A few questions have been asked either in comments or via e-mails recently. Some have also requested that I provide technical details of various techniques. Today I will try to provide detailed answers.
Weaving in Ends
I mentioned that I always weave in ends as I go along. Since I’m working with many knit/purl combinations, weaving in can happen in one of four ways for me:
1. While knitting with the public side of the fabric facing me – Keeping the end(s) to be woven in, and the working yarn to the non-public side of the fabric, I pull the yarn end between the fabric and the working yarn before wrapping the needle and completing the knit stitch. I weave the end under each stitch until the end is too small to work with.
2. While knitting with the non-public side of the fabric facing me – Keeping the end(s) to be woven in to non-public side of the fabric, I bring the working yarn to the non-public side as well, put the yarn end between the working yarn and the fabric, and then move the working yarn back to the public side of the fabric, and complete the knit stitch.
3. While purling from with the non-public side of the fabric facing me – Keeping the end(s) to be woven in, and the working yarn to the non-public side of the fabric, I pull the yarn end between the fabric and the working yarn before wrapping the needle and completing the purl stitch.
4. While purling with the public side of the fabric facing me – Keeping the end(s) to be woven in to non-public side of the fabric, I bring the working yarn to the non-public side as well, put the yarn end between the working yarn and the fabric, and then move the working yarn back to the public side of the fabric, and complete the purl stitch.
Each of these weaving techniques secures the loose end of yarn underneath, and to the non-public side of the fabric for a number of stitches. The number of stitches is based on the length of the tail. The length of the tail is based on how “sticky” the yarn is.
I also never weave in cotton or silk. The woven ends seem to distort my stitches and it makes it too obvious. That’s another reason I hate knitting with cotton.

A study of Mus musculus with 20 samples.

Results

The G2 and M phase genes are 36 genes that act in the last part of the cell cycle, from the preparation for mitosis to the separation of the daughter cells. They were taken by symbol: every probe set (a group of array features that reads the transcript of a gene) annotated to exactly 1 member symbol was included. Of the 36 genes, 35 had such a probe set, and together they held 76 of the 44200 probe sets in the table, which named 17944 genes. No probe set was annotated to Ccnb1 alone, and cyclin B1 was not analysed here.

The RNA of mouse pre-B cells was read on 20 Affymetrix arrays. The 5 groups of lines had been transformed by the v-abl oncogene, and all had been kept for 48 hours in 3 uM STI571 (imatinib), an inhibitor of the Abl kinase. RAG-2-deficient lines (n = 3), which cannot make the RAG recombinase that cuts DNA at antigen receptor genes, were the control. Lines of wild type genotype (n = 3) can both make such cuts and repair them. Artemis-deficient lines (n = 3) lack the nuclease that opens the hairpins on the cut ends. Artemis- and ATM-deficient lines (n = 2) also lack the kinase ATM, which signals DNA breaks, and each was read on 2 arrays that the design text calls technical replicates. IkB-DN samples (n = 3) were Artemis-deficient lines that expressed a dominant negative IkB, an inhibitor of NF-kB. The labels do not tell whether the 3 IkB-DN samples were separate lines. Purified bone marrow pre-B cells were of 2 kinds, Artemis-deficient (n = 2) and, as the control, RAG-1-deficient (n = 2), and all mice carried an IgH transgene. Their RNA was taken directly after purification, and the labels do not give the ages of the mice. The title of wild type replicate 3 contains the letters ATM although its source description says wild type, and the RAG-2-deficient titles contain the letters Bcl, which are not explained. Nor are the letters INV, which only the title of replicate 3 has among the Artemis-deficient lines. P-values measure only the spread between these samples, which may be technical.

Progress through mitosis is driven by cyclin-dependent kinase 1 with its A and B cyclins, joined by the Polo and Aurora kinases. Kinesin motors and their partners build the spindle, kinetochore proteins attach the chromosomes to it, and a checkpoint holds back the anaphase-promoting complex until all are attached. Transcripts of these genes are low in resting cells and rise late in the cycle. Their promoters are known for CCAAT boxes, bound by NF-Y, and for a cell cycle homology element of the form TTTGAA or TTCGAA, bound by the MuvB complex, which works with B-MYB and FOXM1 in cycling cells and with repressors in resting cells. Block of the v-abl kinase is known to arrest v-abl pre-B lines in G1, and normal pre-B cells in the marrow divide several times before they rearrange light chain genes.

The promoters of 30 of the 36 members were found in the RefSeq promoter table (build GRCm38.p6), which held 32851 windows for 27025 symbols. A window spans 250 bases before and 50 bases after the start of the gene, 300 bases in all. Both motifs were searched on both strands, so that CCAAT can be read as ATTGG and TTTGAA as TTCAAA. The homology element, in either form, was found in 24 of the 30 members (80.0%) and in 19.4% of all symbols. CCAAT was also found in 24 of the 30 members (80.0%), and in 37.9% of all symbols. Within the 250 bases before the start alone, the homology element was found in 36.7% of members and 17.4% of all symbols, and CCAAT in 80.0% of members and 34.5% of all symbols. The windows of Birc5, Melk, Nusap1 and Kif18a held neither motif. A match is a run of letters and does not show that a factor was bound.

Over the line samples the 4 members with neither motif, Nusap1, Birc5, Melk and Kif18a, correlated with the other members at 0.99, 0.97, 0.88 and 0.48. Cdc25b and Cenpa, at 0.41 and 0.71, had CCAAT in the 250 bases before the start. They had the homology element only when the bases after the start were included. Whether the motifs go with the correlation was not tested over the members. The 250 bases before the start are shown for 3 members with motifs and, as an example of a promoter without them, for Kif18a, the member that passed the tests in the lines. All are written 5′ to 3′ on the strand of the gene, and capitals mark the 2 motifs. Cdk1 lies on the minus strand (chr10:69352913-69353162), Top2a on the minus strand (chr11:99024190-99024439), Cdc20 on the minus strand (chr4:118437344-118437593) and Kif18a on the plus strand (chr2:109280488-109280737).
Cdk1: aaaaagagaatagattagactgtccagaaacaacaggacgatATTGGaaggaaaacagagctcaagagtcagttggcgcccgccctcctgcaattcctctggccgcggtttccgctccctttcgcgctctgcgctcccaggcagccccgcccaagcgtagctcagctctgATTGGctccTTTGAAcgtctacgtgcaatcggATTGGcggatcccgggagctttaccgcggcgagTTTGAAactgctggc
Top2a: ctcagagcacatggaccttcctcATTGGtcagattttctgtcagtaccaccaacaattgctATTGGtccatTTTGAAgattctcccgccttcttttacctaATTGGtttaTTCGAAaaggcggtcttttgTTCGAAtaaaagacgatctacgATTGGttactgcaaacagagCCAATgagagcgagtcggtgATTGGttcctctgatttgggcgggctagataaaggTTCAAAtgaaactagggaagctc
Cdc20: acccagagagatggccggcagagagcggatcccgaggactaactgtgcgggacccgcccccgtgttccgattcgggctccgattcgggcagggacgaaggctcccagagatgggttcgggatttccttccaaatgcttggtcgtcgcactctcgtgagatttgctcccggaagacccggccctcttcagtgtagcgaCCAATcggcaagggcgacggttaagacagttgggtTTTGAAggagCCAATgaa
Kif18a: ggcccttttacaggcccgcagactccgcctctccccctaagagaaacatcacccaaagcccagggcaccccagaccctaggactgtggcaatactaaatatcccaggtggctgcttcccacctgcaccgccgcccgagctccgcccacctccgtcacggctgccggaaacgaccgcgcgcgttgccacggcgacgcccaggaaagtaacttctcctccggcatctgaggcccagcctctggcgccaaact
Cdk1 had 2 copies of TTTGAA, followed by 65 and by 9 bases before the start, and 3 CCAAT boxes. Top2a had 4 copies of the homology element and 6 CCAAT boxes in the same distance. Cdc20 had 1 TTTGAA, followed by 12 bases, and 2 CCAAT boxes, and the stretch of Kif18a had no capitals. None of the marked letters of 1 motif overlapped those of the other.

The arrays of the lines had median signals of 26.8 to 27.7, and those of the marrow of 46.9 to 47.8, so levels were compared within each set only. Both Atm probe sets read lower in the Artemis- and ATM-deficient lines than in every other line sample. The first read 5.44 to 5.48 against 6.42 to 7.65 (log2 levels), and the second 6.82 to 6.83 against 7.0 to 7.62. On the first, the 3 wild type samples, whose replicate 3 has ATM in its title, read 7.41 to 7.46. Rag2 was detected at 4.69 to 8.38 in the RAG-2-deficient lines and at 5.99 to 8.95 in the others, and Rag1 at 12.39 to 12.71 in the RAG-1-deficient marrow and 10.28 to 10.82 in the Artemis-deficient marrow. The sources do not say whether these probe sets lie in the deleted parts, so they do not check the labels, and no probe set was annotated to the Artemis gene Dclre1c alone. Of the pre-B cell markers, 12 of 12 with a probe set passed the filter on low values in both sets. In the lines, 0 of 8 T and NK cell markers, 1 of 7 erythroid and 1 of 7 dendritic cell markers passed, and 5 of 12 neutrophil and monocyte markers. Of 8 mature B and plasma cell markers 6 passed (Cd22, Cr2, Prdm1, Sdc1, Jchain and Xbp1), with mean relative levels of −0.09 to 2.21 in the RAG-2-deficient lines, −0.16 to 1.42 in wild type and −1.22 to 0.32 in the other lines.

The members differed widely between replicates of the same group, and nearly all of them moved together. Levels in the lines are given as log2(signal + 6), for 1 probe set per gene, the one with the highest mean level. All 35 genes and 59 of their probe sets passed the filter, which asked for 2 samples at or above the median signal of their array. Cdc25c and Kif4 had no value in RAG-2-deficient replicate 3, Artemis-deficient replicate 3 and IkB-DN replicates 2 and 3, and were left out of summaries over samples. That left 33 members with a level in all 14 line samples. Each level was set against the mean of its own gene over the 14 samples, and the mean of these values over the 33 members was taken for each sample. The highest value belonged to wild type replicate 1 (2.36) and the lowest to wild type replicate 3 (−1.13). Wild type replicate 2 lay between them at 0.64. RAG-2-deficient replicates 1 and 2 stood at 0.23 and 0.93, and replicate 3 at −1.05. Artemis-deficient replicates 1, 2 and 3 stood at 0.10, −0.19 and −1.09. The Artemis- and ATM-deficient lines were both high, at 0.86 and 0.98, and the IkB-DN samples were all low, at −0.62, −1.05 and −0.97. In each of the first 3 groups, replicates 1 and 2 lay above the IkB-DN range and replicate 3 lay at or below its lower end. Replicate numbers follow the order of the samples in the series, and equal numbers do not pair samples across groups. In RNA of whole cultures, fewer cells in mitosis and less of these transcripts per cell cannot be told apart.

One of these days I’ll post pictorial instructions for those who might be interested.
Searching Blog Archives
Most of the topics discussed in my blog eventually make their way to the various search engine databases. If you do a Google search for something on my blog, you should include “QueerJoe” (one word) in the search terms to help narrow it down to my blog, or someone else discussing my blog.
I’ve also included a blog search feature on my blog to help out in future contests.
Selecting Pattern Stitches
I decided I wanted three different types of pattern stitches:
1. Emblem-like patterns in the middle of the block (like the bottom, center red pattern)
2. All-over Knit/Purl stitch patterns (like the center teal block)
3. Lattice or ribbing patterns (like the lavender and orange blocks towards the top.
I chose or made up various patterns, and then just randomly assigned them trying to avoid having the same color/pattern combination.
Someone asked me what I was thinking trying to combine navy, olive, orange and lavender in the same garment (they actually asked much more nicely than that, but I took blog-owner liberties).
I first started by picking five colors of the Jamieson DK that all had equal tonal weight to them, brown navy, olive, red, and orange (yes, the orange is really about the same vibrancy as the others despite how it appears in pictures). Someone once told me that you can pick any color combinations you want as long as they’re all the same vibrancy or tonal weight and the colors will work well together.
I then picked two “kicker” colors, the lavender and teal.
I selected the most neutral color as the ribbing, the brown. I then used mostly the deeper colors in the sweater and then balanced the two lighter colors throughout the sweater. I figured this would give it an overall balanced composition.
Interestingly, I didn’t really like the colors together until the entire back was completed, and then I liked the overall effect. So it seems to have worked out as I intended.
Blog Rules Fallout
One unexpected benefit of posting blog comment rules, is that I got to hear from some new and very creative knit bloggers. Another blog I will be adding to my ever-lengthening list of daily reads will be Amber’s Knitting and Textile Blog. Sleak, interesting and a good, easy read.